In February 2014, Cleopatra Kambugu experienced this first hand, when the Ugandan tabloid Red Pepper published personal information about 200 LGBTI people in Uganda. Cleo was one of them, who had her picture and personal information printed on the front page.
This week's episode covers discrimination against LGBTI people in Uganda. Cleo is invited to a secret meeting with the Ugandan government to prove that she's real. In the episode I search for an answer to the question of why it's so hard for people to accept anything that doesn't fit into society's norms.
Homosexuality. Abortion. These two unrelated "buzzwords," "hot topics," "controversial issues" evoke strong reactions and emotions whenever and wherever mentioned. It is my belief the day is coming when they will be connected in ways we never thought possible. I have been on both sides of each of these issues.
Britney was there for me when my father and stepmother sent me to rehab for being too gay. Her personal struggles before and after the ensuing years helped me as I readjusted back to school and into college. I didn't care if she shaved her head. I just wanted her to be okay and yes, just wished everyone would leave her alone.
TLC has the right to air controversial shows, as adults who feel same sex attraction have the right to live the lifestyle that they deem best for them. But it is critical that we as a society step up and speak out against theories and practices like gay conversion therapy.
My bargain with the devil has plagued me for almost 40 years. But now I feel renewed. It is time that all homosexuals heed Gina Miller's words and 'fess up. Reveal your own "dark and perilous" truths!
In the fourth episode of The Pearl of Africa, a documentary series about love, hate and being transgender, we get a glimpse into what Cleo and Nelson's relationship really means. They've loved each other since high school and plan to get married in the future, and Cleo grapples with the desire to start a family.
As Americans revel in equality gains, we cannot forget that as LGBTI people, we are all members of a persecuted global minority with a responsibility towards one another, regardless of who we are or where we live.
Commencing in the first few minutes with tender lovemaking, the film quickly changes focus and concentrates on Isa's fruitless phone calls to various sperm banks everywhere from Munich to Hamburg.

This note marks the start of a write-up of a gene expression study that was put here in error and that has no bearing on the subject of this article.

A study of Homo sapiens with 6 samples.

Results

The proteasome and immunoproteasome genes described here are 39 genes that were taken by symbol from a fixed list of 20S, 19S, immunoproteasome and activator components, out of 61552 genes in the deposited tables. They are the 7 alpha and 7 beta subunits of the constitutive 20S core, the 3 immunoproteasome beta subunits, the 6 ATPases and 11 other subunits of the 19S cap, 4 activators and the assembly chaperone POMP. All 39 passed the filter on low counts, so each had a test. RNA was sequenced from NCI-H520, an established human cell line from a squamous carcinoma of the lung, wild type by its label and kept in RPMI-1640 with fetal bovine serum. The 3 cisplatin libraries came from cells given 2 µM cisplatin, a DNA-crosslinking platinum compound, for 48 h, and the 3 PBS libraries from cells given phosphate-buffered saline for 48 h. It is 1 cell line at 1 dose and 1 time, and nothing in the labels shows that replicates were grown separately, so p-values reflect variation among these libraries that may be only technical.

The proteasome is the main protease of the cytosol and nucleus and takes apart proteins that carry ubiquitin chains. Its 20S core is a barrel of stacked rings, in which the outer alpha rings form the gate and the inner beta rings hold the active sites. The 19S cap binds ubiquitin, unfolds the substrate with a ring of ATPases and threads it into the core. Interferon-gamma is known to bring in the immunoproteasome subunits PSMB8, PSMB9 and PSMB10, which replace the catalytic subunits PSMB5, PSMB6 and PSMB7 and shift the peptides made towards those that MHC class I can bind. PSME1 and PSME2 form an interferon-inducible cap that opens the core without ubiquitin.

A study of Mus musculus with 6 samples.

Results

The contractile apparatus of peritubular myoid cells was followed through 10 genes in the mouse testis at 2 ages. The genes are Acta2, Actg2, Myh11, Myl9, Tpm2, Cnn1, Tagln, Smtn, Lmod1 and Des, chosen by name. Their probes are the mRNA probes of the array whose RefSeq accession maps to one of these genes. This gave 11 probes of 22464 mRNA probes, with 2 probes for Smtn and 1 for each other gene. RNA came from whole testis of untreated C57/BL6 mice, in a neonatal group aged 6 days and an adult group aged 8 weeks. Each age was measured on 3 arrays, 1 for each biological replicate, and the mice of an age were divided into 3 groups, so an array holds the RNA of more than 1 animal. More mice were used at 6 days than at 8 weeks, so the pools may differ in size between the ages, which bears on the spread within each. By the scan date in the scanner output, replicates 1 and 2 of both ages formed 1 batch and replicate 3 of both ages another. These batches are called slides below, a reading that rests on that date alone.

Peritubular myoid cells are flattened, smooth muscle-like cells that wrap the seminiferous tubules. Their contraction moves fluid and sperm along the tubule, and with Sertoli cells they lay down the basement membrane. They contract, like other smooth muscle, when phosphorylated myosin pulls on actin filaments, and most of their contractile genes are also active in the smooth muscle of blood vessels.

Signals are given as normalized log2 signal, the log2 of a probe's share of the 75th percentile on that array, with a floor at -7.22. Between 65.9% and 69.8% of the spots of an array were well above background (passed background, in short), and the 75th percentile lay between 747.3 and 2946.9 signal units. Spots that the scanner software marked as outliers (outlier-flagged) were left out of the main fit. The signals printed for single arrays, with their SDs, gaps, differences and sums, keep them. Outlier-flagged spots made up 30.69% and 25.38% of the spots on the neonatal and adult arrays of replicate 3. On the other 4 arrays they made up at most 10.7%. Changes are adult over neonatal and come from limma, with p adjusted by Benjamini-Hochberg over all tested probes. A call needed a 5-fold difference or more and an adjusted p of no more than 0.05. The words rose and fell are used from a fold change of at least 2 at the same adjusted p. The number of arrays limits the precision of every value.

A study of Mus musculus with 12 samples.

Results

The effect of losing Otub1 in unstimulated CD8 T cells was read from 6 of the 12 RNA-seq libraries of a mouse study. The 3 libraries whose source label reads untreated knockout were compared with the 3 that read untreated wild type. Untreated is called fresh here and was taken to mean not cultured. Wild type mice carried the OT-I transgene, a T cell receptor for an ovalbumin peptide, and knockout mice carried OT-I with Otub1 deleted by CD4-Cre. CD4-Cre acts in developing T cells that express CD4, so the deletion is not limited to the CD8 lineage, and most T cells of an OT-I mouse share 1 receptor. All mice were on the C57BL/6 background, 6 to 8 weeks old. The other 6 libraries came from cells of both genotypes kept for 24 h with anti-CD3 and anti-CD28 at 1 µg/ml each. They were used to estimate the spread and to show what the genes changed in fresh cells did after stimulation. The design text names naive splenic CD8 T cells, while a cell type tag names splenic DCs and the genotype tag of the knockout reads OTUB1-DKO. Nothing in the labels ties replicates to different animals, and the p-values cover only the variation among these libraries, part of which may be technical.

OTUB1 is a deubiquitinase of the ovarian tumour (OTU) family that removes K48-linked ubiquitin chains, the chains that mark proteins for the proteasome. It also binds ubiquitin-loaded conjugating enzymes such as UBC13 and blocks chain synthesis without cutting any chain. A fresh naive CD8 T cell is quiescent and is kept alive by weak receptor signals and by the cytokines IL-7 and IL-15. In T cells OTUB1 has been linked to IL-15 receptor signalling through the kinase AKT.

I will no longer be so easily influenced by the "experts" who flood the media with the answers to everything. I will cut through the noise and rely more on my own thoughts than the ocean of other opinions that surround me.
We have to encourage our gay friends and each other to value ourselves more, not to succumb to the easy temptation of quick, cheap ego boosts that will actually set us back socially, for we are not just satisfying sexual cravings when we indulge down-low men but committing self-betrayal and hypocrisy.
Cleo's story takes us into a rarely seen love story within the Ugandan LGBTIQ-community.
What tests my patience, what troubles me beyond all else, is our propensity for pointing the finger at others while ignoring our own flaws. The truth is that the U.S. is not yet at a point where it can self-righteously condemn others for their intolerance toward LGBT people, at least not with a straight face. Someday we will get there, and we will lead by example. But not today.
If human rights abuses really were the metric by which we decided on trade and travel, the U.S. should be banning Americans from visiting our staunchest allies and our most popular vacation spots (including much of the Caribbean, where homosexuality is illegal, though it's not illegal in Cuba). It would literally be much of the globe.
Dating websites are for dating, not for finding people who want someone to grab dinner with every now and again or who need a ride to the airport at holiday time. I have those people in my circle, and I'm already not getting flowers and sex from them.
In the second episode of The Pearl of Africa, I take you deeper into Cleo and Nelson's life, showing something that's rarely highlighted when talking about transgender people in Uganda: their love, their hope and their dreams.